In “Politics and the English Language”, George Orwell argues that the English language has evolved from a language of meaning to a language of vagueness. He critiques modern English for its staleness of imagery and lack of precision, stating that it has relied on “ready-made phrases” (Orwell 280). Orwell believes that the use of complex words has deprived the general public and writers themselves from the meaning a certain piece is trying to illustrate. He draws upon five scholarly sources, all of them being related to politics, to strengthen his idea that the secured feeling of mediocre writing has prevailed over the risk involved with passionate writing. The main targets of his argument are politicians. Orwell strongly discourages the political use of euphemism to cover up the truth from the public. He believes the use of “pretentious diction” by politicians and journal writers has allowed them to get away with the indefensible (Orwell 274). Although Orwell bashes modern English, he offers a list of rules because he is confident that language is curable if people take the time to construct words to express an idea rather than letting the words create the meaning for them (Orwell 285).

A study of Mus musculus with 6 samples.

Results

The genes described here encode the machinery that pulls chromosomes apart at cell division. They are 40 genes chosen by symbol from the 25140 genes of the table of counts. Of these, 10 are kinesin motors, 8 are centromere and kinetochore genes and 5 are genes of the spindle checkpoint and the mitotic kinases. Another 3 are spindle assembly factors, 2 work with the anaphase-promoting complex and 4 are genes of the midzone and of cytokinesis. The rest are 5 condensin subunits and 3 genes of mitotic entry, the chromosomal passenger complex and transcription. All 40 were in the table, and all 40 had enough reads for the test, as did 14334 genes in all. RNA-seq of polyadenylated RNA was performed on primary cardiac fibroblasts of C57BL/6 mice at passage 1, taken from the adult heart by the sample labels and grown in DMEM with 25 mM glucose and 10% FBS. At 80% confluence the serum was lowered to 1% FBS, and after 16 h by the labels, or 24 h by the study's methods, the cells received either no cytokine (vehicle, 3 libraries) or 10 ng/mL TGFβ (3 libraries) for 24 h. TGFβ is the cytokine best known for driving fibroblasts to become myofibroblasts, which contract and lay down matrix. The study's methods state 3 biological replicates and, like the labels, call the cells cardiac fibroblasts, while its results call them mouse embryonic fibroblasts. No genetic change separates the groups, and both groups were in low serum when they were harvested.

In “How to Tell a True War Story” by Tim O’Brien, Orwell’s ideas are questioned and the competition between the truth and the underlying meaning of a story is discussed. O’Brien’s story depicts that the truth is not always a simple concept; and that not every piece of literature or story told can follow Orwell’s list of rules (Orwell 285). The story is told through an unnamed narrator as he re-encounters memories from his past as a soldier in the Vietnam War. With his recollection of past encounters, the narrator offers us segm...
O’Brien, Tim. “How to Tell a True War Story.” The Things They Carried. Boston and New York: Mariner Books, 2009. 64-81. Print.
Orwell, George. “Politics and the English Language.” George Orwell: Critical Essays. London: Harvill Secker: 2009. 270-286. Print.